How to export Vietnamese lychees into new international market
To help take Vietnamese lychee exports to the next level, a seminar entitled “Vietnamese lychees go global” was held in Hanoi to support and promote the global brand name of the popular Vietnamese fruit.
The northern provinces of Hai Duong and Bac Giang are the two leading areas for lychee production, which expected e to make Vietnamese lychee a global name thanks to its world-class quality, according to Vietnam News Agency.
The data shows, Hai Duong province has over 9,000 hectares of lychees, producing 60,000 tonnes per year. About 50 percent are consumed domestically, 40 percent exported to traditional markets and 10 percent to high-end markets.
“Our local lychees are grown in accordance with VietGAP and GlobalGAP standards. Remarkably, 189 Planting Area Codes (PAC) have been granted to many localities with a total granted area of 1,200 hectares”, said a local official.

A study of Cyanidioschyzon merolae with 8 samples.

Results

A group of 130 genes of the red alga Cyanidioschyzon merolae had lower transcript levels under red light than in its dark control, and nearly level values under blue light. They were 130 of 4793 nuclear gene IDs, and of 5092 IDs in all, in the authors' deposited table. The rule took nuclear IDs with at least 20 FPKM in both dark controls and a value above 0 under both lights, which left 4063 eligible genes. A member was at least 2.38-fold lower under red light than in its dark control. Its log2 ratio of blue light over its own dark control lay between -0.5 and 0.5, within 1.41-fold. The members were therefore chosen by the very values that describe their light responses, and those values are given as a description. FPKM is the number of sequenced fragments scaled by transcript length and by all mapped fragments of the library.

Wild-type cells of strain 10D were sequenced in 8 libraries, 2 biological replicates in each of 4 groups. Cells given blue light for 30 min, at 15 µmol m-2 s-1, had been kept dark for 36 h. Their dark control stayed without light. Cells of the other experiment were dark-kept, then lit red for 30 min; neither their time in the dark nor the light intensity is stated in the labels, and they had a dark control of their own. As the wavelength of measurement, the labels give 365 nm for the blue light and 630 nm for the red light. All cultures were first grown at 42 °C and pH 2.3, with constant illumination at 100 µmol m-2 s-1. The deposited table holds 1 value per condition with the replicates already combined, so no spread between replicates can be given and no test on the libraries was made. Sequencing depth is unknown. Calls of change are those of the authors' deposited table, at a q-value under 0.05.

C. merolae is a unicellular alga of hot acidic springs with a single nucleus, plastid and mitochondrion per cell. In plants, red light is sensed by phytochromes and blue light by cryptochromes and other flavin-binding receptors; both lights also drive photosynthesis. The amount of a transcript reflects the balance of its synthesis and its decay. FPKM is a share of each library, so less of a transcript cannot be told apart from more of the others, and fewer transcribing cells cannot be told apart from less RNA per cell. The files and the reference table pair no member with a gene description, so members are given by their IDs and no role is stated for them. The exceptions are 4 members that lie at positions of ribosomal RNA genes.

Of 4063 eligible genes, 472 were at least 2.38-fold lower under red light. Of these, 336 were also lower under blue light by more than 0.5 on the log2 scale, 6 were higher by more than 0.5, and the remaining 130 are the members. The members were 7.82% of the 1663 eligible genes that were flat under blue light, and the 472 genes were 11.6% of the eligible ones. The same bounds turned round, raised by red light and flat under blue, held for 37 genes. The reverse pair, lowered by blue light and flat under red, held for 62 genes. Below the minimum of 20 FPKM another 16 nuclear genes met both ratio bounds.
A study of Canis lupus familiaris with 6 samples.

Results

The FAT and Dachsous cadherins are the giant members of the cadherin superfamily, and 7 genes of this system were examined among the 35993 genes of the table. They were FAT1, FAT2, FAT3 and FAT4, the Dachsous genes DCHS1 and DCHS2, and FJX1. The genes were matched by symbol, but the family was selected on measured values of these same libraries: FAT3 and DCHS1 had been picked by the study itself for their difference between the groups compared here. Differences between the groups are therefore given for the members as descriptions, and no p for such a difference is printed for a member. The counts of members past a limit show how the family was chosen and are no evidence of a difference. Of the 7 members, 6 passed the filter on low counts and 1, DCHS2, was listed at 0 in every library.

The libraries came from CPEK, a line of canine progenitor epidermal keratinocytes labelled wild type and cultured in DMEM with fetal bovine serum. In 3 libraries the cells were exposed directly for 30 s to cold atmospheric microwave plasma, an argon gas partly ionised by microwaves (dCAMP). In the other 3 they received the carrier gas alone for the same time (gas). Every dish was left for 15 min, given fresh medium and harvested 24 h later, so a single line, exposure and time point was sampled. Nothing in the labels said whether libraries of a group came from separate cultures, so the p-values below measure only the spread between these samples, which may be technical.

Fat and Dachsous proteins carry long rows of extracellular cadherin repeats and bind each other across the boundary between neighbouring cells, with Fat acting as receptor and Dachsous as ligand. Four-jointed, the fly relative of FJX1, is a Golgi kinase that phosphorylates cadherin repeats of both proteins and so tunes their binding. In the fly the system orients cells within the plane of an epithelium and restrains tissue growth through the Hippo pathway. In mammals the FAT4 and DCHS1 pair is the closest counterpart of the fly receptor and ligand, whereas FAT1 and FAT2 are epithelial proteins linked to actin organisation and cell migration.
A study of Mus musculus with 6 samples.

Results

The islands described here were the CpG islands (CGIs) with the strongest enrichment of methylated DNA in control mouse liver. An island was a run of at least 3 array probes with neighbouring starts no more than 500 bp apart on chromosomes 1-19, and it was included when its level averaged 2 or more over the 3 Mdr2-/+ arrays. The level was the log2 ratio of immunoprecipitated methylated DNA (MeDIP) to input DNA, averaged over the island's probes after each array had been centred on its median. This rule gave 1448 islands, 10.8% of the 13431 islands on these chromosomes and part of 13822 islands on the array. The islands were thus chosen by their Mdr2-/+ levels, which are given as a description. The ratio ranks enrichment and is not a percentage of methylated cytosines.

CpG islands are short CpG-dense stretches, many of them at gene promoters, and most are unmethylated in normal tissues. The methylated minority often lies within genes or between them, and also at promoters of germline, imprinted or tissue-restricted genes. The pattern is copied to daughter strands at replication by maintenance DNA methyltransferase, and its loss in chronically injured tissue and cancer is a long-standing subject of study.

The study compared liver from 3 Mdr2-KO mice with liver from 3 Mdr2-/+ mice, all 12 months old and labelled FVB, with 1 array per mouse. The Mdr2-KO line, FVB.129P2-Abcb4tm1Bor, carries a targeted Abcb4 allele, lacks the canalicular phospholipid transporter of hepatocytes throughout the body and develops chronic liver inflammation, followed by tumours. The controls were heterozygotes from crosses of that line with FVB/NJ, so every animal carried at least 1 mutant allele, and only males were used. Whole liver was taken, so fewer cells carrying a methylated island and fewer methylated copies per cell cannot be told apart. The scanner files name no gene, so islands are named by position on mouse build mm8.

The chairman also said that the province will focus on expanding export-only lychee-growing areas to add more value to the fruit and meet the growing demand of foreign markets.
“Bac Giang has 15,400 hectares of VietGAP lychees, equivalent to an annual output of 125,000 tonnes, and 102 hectares of GlobalGAP lychees, equivalent to over 1,000 tonnes, so far Bac Giang’s lychees have been commercially available in over 30 countries”.
Bac Giang province will continue to boost lychee export to high-end markets and try to gain entry into new markets, including Canada and Thailand, according to the Vice Chairman.
Saadi Salama, Palestinian Ambassador to Vietnam, stressed that products on sale in the Middle East normally have Halal marks on their packages, indicating that the products meet Halal standards.
He hoped that more Vietnamese lychee-derived products are Halal-labelled to expand its foothold in the market, allowing the fruits to be enjoyed by more foreign consumers.
George Burchett, an Australian journalist, described Vietnamese lychees as fruit from heaven due to their beautiful taste, though Vietnamese lychees are much more expensive in Australia than in Vietnam due to high logistics costs, the Vietnam News Agency reported.